The Price of Politics

I’ve really enjoyed Woodward’s first book on the Obama presidency “Obama’s War”. I came out of it with the idea that Obama is (and I’m quoting my 5-stars review of the book) “a thoughtful leader who is engaged with the issue, familiar with the details (does his homework), open to different opinions, and doesn’t want to micro-manage”. The Obama in this book seems like a completely different person. Many times in the book, it’s stated that “there’s no one is leading in the White House”, “They didn’t have a Plan-B”, and “He (Obama) didn’t offer anything”.
Maybe the first book was wrong and this one is right?
I kept reading and found how many details and how accurate are the descriptions of the meetings in the White House and among its staff. On the other hand, there are very little (in comparison) details on how the Republicans operated. All the details about that came directly from interviews with named staff members, implying that this is how they thought rather than what actually happened.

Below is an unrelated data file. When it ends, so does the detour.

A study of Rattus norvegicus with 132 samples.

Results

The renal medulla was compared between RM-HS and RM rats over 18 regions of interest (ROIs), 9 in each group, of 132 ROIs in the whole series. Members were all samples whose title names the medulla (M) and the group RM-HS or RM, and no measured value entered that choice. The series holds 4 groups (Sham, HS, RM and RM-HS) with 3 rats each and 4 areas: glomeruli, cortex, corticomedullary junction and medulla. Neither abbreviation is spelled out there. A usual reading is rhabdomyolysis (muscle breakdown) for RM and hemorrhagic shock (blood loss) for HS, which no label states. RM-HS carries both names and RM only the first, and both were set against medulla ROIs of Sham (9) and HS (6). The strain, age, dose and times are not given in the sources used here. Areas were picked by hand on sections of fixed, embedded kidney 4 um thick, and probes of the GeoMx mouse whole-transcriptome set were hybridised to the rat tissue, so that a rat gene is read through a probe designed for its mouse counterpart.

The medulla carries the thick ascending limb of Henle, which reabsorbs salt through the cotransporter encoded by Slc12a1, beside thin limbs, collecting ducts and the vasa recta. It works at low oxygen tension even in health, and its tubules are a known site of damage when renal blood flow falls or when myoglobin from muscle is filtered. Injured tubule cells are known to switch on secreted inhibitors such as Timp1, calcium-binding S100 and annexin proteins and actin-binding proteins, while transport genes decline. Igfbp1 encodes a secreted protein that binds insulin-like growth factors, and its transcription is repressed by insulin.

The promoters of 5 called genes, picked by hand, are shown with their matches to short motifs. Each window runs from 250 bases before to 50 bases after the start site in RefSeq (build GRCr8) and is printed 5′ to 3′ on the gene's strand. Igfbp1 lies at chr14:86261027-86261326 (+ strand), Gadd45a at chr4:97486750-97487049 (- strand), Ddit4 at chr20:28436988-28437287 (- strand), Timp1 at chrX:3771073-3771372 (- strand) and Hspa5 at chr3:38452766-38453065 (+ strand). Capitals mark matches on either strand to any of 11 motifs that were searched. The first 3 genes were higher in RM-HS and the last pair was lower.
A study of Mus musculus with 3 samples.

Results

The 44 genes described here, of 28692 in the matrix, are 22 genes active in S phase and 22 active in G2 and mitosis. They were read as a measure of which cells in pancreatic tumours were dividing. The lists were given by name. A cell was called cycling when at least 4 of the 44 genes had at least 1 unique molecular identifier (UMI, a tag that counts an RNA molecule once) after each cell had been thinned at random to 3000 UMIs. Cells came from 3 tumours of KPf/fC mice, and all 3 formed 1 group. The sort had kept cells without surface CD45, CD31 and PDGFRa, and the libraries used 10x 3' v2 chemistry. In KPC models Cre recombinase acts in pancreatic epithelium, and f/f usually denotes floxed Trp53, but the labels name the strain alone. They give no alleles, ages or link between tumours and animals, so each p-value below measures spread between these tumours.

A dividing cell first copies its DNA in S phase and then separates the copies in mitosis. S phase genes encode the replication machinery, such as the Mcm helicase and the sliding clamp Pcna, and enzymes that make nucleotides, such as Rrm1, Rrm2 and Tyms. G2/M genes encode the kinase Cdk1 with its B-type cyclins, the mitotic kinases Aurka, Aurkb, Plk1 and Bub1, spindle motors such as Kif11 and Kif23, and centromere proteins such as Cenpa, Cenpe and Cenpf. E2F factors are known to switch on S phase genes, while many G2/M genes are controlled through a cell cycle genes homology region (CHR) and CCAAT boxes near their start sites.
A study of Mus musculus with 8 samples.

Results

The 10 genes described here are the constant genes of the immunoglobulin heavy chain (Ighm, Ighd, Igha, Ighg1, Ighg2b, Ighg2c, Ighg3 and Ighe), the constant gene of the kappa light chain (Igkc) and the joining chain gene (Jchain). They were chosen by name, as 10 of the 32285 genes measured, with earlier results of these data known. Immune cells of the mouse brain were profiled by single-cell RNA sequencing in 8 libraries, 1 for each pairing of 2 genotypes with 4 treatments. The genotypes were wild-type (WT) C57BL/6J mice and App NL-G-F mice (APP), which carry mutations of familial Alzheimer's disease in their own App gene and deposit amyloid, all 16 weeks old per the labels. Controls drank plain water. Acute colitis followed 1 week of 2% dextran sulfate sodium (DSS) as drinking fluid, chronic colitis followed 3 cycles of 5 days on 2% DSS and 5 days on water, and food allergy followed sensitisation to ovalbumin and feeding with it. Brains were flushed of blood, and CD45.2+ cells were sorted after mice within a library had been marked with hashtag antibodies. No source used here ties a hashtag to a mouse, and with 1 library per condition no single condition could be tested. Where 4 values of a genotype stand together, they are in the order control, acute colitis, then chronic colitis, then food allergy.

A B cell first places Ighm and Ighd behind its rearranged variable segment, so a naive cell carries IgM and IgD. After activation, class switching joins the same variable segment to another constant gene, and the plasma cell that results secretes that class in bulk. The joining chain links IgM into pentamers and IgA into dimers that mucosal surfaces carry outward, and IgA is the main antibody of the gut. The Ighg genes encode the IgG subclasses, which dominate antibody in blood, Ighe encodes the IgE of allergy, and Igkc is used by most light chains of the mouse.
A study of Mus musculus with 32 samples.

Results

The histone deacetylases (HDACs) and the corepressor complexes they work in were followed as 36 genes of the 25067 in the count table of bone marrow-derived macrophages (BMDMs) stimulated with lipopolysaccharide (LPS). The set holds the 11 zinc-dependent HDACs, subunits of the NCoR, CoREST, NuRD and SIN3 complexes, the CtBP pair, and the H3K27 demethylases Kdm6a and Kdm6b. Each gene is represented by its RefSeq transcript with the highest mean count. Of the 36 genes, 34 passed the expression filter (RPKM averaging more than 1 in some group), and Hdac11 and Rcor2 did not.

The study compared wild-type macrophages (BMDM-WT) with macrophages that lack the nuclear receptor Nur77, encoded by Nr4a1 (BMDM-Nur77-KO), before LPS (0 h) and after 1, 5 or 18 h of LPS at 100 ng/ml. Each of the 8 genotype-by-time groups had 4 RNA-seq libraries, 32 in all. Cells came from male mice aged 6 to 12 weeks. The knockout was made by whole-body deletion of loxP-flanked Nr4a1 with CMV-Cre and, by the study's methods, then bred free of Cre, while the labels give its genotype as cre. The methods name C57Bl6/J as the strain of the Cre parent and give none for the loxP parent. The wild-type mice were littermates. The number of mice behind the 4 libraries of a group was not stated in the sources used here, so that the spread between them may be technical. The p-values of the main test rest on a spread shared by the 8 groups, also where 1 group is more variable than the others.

This is how the book comes off as biased towards the republican’s point of view.
Woodward doesn’t do a good job in following the time line of the events. There are a lot of gaps and it seems selective sometimes.
But he does a terrible job in explaining what any of the proposals actually mean. It’s a lot of Washington talk and acronyms briefly explained once with not a lot of details all the time. Because they are so many proposals that are changing all the time, it’s impossible to keep track of what is what.
One thing you can take away from this book very clearly is John Boehner is not on the wave length as Eric Cantor who is clearly going for Boehner’s job at some point. It seemed to me that Boehner wanted to get a deal but Cantor didn’t.
Still, for any political junkie, this is a Woodward book and it’s an election year. This is on any body’s top 5 list for now.